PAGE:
50: A place called home
50: A place called home
Joining the Social Web team
What has two thumbs and is joining the Social Web team at Google? Me.
I'm going to be one of the Developer Advocates based in the London office. I'll be looking after all things related to 'social' and the social web in Europe, the Middle East and Africa (EMEA).
I plan on spending a lot of my time listening to and learning from people outside the company. In fact when I try to describe all the facets of this job I tend to point people to Christian Heilman's book or Dion Almaer's blog post or Simone Brunozzi's blog post.
The social web is bigger than any one product or company. That's why my job is going to be as much about helping to grow the social web as it will be about helping developers to use Google APIs. So if you're doing something interesting with the social web in EMEA and you think Google can help then send me an email. I'm ade at google.com.
I'm also, to quote John Panzer, "a cluster of heterogeneous identifiers." You can follow most of them on Buzz: http://www.google.com/profiles/adewale#buzz
Fiddling with Google Buzz
I woke up this morning and, inspired by Ian Bicking's post, thought I'd take a look at showing my last N Buzz posts on my website: http://www.oshineye.com
I started with the example code from here: http://code.google.com/apis/buzz/v1/getting_started.html which makes a request for a JSON object representing all of a user's public posts. Then I tweaked it a little so that it uses my numeric identifier rather than my username. This is in order to avoid leaking my email address. I also changed it so it only shows the last 5 items. I then added a little bit of code to extract the link for each item.
Working out how to traverse the JSON object was made easier thanks to DeWitt's JSON indent project: http://code.google.com/p/appengine-json-indent/
It meant that I only had to work out how to read this: http://json-indent.appspot.com/indent?url=https://www.googleapis.com/buzz/v1/activities/105037104815911535953/@public?alt=json rather than: https://www.googleapis.com/buzz/v1/activities/105037104815911535953/@public?alt=json
After that I only had to tweak the appearance to fit in with the rest of my, rather old-fashioned, website. Hopefully someone will take this code and turn it into a proper widget that can easily be re-used.
48: Crossing the streams
47: First past the post
Apprenticeship Patterns is now Creative Commons licensed
Just over 5 years ago Dave and I started Apprenticeship Patterns on a wiki. We used that wiki to organize the stories we found as we went around the world asking people how they became skilled software developers. When O'Reilly approached us about turning our wiki into an actual book printed on dead trees we were delighted but we also emphasised our desire to share the ideas with the widest possible audience. Fortunately O'Reilly are an incredibly englightened publishing house and they were already thinking about ways to get their books into the Creative Commons.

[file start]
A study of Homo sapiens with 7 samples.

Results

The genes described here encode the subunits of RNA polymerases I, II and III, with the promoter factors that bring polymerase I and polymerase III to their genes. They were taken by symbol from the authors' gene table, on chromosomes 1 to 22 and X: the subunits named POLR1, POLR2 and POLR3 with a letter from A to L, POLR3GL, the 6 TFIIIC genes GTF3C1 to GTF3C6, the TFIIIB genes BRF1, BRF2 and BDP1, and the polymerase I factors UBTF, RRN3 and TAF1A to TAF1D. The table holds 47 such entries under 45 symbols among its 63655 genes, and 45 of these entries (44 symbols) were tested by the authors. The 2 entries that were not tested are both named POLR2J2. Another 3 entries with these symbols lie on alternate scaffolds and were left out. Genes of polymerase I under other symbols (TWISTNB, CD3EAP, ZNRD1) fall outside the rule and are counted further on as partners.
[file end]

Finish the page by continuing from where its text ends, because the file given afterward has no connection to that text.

Just like we were one of the first O'Reilly books to experiment with using a wiki to get early feedback during the writing process we're also one of the first O'Reilly books to experiment with publishing our material under a Creative Commons license. Starting from today the book is now available here: http://apprenticeship-patterns.labs.oreilly.com/
We're using O'Reilly's experimental Open Feedback Publishing system which lets people, after registering, attach comments to any section of the book. If there's ever a second edition your feedback will be an essential part of it so please don't be shy.
Communicating with atoms
A few weeks ago I attended an Open Source Jam where the topic was "building blocks." I gave a lightning talk about why the combination of Atom and Webhooks is changing the way web applications interoperate. In this set of blog posts I'd like to flesh out that 5 minute presentation and explain how Atom is potentially a universal payload format for the web in the same way that byte streams are a universal payload format for Unix.
Atom Processors that encounter foreign markup in a location that is legal according to this specification MUST NOT stop processing or signal an error. It might be the case that the Atom Processor is able to process the foreign markup correctly and does so. Otherwise, such markup is termed "unknown foreign markup".
When unknown foreign markup is encountered as a child of atom:entry, atom:feed, or a Person construct, Atom Processors MAY bypass the markup and any textual content and MUST NOT change their behavior as a result of the markup's presence.
When unknown foreign markup is encountered in a Text Construct or atom:content element, software SHOULD ignore the markup and process any text content of foreign elements as though the surrounding markup were not present.
46: Shake hands forever
New HTML Parser: The long-awaited libxml2 based HTML parser code is live. It needs further work but already handles most markup better than the original parser.